When we talk about food safety, one almost always thinks about foodborne illness, but preventing allergen cross-contact along the supply chain is just as critical.
Allergen cross-contact happens when an allergen is accidentally transferred from one food to another directly, through food contact surfaces, or even via airflow. The possibility that a food contains allergens from cross-contact or mislabeling is a leading cause of recalls, according to the Food and Drug Administration’s Center for Food Safety and Applied Nutrition.
This blog from ImEPIK will look at federal food safety regulations that address allergen cross-contact, in addition to what manufacturers need to know to protect consumers from potential allergic reactions.
FDA Oversight of Food Allergens
The list of major food allergens that must be identified on food labels is included in the Food Allergen Labeling and Consumer Protection Act of 2004 (FALCPA).
The major food allergens covered by FALCPA (as well as ingredients containing proteins derived from them) are:
- Crustacean shellfish
- Tree nuts
Under the FASTER Act of 2021, sesame will become the 9th major food allergen on January 1, 2023.
Cross-contact of allergens can happen at multiple points in the supply chain, from the farm level to a restaurant, retailer, or consumer’s home. This blog will focus on manufacturing and processing facilities.
Although allergens must be included on food labels, that is just one step of the process.
Manufacturers must address potential problems through current Good Manufacturing Practices (cGMPs). Those GMPs should:
- Identify allergens; and
- Detail allergen cross-contact prevention protocols.
A company’s Hazard Analysis and Risk-based Preventive Controls (HARPC) plan will address these potential allergen cross-contact hazards.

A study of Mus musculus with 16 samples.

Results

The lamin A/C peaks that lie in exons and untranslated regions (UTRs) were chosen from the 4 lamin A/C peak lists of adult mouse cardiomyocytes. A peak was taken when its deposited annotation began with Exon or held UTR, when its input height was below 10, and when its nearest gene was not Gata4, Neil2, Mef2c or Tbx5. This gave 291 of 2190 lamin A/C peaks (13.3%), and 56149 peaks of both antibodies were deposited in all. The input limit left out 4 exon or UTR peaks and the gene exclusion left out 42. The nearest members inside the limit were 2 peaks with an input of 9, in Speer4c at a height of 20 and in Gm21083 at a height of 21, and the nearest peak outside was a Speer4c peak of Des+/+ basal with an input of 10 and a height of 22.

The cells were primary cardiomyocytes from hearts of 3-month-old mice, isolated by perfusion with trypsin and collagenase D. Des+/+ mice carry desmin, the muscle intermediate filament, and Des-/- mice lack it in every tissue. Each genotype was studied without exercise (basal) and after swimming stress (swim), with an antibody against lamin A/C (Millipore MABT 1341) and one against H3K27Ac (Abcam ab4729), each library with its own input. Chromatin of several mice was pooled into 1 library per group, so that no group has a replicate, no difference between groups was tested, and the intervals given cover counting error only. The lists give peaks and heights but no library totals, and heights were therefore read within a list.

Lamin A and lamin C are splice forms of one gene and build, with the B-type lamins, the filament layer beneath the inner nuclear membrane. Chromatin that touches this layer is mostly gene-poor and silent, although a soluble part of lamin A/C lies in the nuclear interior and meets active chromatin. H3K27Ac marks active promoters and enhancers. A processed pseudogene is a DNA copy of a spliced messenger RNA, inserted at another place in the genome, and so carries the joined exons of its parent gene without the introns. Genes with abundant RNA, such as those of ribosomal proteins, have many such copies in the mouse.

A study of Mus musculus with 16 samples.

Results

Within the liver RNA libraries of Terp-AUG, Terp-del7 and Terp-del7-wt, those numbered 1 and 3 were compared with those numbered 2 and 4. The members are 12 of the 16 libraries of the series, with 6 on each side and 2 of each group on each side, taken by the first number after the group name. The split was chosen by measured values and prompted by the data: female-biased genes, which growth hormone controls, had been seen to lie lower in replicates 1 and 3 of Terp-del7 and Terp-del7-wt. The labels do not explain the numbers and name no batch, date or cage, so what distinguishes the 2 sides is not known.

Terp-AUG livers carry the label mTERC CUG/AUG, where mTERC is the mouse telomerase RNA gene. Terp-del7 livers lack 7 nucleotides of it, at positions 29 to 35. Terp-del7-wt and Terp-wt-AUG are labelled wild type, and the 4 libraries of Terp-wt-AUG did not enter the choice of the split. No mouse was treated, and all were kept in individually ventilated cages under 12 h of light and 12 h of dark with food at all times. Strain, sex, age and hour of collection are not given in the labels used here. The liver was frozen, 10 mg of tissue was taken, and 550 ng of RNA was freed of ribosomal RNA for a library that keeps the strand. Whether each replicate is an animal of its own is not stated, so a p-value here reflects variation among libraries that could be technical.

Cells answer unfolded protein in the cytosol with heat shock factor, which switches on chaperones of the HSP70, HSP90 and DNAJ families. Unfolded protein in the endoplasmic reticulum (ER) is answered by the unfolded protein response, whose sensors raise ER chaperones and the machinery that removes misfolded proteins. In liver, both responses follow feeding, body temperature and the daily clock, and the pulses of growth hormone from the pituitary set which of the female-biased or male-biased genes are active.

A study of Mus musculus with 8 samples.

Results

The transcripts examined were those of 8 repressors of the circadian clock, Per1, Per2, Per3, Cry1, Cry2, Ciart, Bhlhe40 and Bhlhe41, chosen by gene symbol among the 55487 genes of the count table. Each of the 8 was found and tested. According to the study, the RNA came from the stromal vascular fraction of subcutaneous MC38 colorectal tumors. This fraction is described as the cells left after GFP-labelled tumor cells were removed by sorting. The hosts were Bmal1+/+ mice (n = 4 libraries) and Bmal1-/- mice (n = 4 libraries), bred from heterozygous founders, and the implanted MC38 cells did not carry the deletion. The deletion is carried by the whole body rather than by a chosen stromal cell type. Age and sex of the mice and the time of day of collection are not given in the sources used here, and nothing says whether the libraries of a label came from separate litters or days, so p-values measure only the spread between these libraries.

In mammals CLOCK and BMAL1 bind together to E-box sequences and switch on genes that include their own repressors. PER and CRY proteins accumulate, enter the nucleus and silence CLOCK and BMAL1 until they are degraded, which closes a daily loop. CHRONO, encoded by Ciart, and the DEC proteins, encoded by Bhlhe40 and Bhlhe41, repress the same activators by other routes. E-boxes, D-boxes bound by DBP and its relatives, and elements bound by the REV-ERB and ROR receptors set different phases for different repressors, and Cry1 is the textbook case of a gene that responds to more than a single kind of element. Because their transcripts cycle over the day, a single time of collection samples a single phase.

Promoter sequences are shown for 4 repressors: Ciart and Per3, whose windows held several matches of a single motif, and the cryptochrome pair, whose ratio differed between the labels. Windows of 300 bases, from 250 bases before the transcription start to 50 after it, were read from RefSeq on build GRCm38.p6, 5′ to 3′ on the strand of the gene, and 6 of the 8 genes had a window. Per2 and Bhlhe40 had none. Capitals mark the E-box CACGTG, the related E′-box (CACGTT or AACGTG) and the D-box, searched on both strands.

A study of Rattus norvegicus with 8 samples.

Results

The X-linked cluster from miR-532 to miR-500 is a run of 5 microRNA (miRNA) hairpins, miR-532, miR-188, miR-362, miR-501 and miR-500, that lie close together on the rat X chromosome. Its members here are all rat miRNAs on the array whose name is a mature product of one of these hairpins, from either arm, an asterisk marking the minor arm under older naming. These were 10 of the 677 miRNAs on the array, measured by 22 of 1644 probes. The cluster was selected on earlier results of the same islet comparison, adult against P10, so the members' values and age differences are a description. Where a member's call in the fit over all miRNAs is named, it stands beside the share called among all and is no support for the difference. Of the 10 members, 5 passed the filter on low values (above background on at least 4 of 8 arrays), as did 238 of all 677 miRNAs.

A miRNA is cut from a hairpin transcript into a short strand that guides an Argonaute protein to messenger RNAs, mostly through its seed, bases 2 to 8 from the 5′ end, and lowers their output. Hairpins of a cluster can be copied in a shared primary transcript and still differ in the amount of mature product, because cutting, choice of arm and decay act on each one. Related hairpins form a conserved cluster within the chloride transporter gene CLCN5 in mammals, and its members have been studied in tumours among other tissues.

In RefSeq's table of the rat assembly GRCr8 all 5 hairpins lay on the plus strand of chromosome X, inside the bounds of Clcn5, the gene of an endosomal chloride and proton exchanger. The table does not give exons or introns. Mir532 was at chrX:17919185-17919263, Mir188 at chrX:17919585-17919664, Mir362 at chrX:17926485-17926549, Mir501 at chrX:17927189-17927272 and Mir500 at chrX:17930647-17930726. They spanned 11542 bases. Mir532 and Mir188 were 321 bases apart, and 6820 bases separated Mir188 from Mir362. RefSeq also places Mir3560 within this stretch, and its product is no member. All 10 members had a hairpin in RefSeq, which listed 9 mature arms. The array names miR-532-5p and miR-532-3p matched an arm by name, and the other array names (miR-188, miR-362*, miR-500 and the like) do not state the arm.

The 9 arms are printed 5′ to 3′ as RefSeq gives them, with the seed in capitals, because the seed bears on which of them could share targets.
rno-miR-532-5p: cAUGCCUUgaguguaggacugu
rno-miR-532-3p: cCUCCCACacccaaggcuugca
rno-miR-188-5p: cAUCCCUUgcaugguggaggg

The following areas of potential allergen cross-contact highlight what food manufacturers should be concerned about in their operations.
Storage, handling, and flow of ingredients through a facility
GMPs should look at the “big picture” areas of food safety, including how a facility’s layout affects the flow of ingredients.
Questions one might ask include:
- How and where are allergen-containing ingredients stored, and are they properly labeled?
- Are those ingredients handled in a way that keeps traces from becoming airborne or contacting equipment that’s not part of their processing?
GMPs must address the movement of these ingredients from receiving to processing and beyond to packaging and shipping.
Environmental and human cross-contact
Interaction between an employee and an allergen-containing food ingredient is a potential cross-contact event. Forklift drivers, processing equipment operators, and others that handle the allergen can inadvertently taint other food ingredients through a spill, adding an incorrect ingredient during processing, or transferring proteins from one food to another through clothing. Food handlers, maintenance workers, and even visitors need to follow food safety practices.
Vacuums and ventilation systems can also help control dry allergens, such as flour.
Dedication, separation, scheduling, and sanitation
Ideally, food manufacturers would allow for dedicated facilities to make products that don’t contain allergens, increasing the likelihood those products won’t have a cross-contact problem. However, when that’s not possible, or allergens are ingredients in the products, companies can use separate processing lines to keep the allergen-free products apart from those containing allergens.
A facility may also sequence production so that food containing allergens is processed last and only after products that do not contain allergens. Of course, a thorough sanitation process must follow before any other non-allergenic products are made.
ImEPIK’s training on allergen cross-contact and food safety musts
ImEPIK’s 100% online training course is designed to help companies in the U.S. meet the obligations of the Food Safety Modernization Act. A similar course for employees of Canadian companies focuses on Safe Food for Canadians Regulations.
The 100% online interactive courses allow employees to learn at their own pace and practice what they learn through project-based activities that maximize engagement and understanding.
Contact us today to learn more about how our courses can keep you in compliance with the latest regulatory requirements.